Star comment: All eyes on the prize at Women’s World Cup
Today's Star includes an eight-page special on the Women’s World Cup, a celebration of the game being held in Australia.
The event comes a week or so after a report was released that predicts the women’s game can become a billion pound industry within 10 years.
Women’s sport has been transformed in recent years. Football, cricket and rugby have all emerged as a major draw for spectators, and netball’s Premier League has also increased its profile.
Football undoubtedly remains Britain’s number one sport and the women’s game has brilliantly tapped into our enthusiasm for the game.
The standards shown by England in winning the Euros were breathtaking, as was the atmosphere at Wembley for the final. The contrast to the toxicity within the stadium for the men’s final was startling. The women’s game is one for families and where rival supporters can mix happily. Long may that continue.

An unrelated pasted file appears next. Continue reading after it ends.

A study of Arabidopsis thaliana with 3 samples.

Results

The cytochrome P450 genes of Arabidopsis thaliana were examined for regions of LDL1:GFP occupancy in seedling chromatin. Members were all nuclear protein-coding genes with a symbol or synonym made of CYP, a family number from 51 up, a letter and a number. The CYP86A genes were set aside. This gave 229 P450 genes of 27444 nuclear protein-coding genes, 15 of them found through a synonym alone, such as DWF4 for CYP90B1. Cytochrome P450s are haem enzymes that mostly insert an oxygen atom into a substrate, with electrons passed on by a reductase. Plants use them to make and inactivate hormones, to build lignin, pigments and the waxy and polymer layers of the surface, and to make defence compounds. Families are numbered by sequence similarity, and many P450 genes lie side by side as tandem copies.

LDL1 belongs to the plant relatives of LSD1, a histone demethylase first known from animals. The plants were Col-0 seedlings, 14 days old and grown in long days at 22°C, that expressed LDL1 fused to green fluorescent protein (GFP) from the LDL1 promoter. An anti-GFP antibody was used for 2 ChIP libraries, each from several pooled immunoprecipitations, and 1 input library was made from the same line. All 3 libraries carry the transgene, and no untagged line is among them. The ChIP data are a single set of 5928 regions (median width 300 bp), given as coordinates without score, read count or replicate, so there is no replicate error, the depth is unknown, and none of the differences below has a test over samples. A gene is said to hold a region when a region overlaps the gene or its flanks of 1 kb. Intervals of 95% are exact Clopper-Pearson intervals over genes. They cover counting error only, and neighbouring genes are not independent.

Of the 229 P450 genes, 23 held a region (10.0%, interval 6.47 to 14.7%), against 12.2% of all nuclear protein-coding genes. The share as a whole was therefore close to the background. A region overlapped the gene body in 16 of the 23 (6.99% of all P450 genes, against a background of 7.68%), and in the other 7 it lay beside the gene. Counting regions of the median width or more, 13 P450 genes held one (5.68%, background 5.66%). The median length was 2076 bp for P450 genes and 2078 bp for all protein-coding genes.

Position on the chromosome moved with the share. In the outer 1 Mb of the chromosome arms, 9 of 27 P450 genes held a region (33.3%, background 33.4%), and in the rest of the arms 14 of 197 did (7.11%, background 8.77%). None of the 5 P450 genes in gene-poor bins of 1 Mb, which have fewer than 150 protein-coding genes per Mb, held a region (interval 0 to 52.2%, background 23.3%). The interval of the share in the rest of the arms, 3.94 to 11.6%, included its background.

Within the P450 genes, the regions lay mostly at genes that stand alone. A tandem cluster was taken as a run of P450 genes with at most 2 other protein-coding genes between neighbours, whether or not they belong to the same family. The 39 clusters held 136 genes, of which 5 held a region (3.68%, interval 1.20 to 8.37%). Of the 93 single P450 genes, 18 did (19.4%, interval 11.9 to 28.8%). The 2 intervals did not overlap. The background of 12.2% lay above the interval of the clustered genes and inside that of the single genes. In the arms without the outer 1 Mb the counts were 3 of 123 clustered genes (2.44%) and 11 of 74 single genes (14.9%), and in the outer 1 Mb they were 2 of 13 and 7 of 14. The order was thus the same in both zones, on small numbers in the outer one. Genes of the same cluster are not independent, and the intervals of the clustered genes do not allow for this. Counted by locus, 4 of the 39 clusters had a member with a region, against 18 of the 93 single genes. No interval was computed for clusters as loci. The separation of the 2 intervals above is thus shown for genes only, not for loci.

A review chaired by the former England international Karen Carney calls for wholesale change across the game, from enhancing minimum standards for professionals to “rapid growth” in the development of young talent.
She argues that to finance necessary adaptations, new solutions must also be considered, including allowing women’s football to be broadcast at 3pm on a Saturday and raising prize money in the women’s FA Cup to match those seen in the men’s competition.
These are exciting times for the women’s game, not just here but globally. The chance is there for England to expand to create world-leading league and cup competitions, which can also inspire a new generation.
Artificial sweetener is the latest foodstuff to become concerned about.
The over-arching theme of advice over the matter is: ‘Don’t panic’.
Before binning your sweetener, consider the advice from experts, who suggest it is perfectly safe in moderation. And consider also the alternative.
Excess sugar is linked to obesity and diabetes. Meanwhile, an average person weighing 70kg would need to consume between nine and 14 cans of diet soft drink per day to exceed the daily aspartame guideline.
Experts liken the debate to our relationship to sunlight. Some sun is actually good for us. But in excess it can potentially cause cancer, so we should be sensible.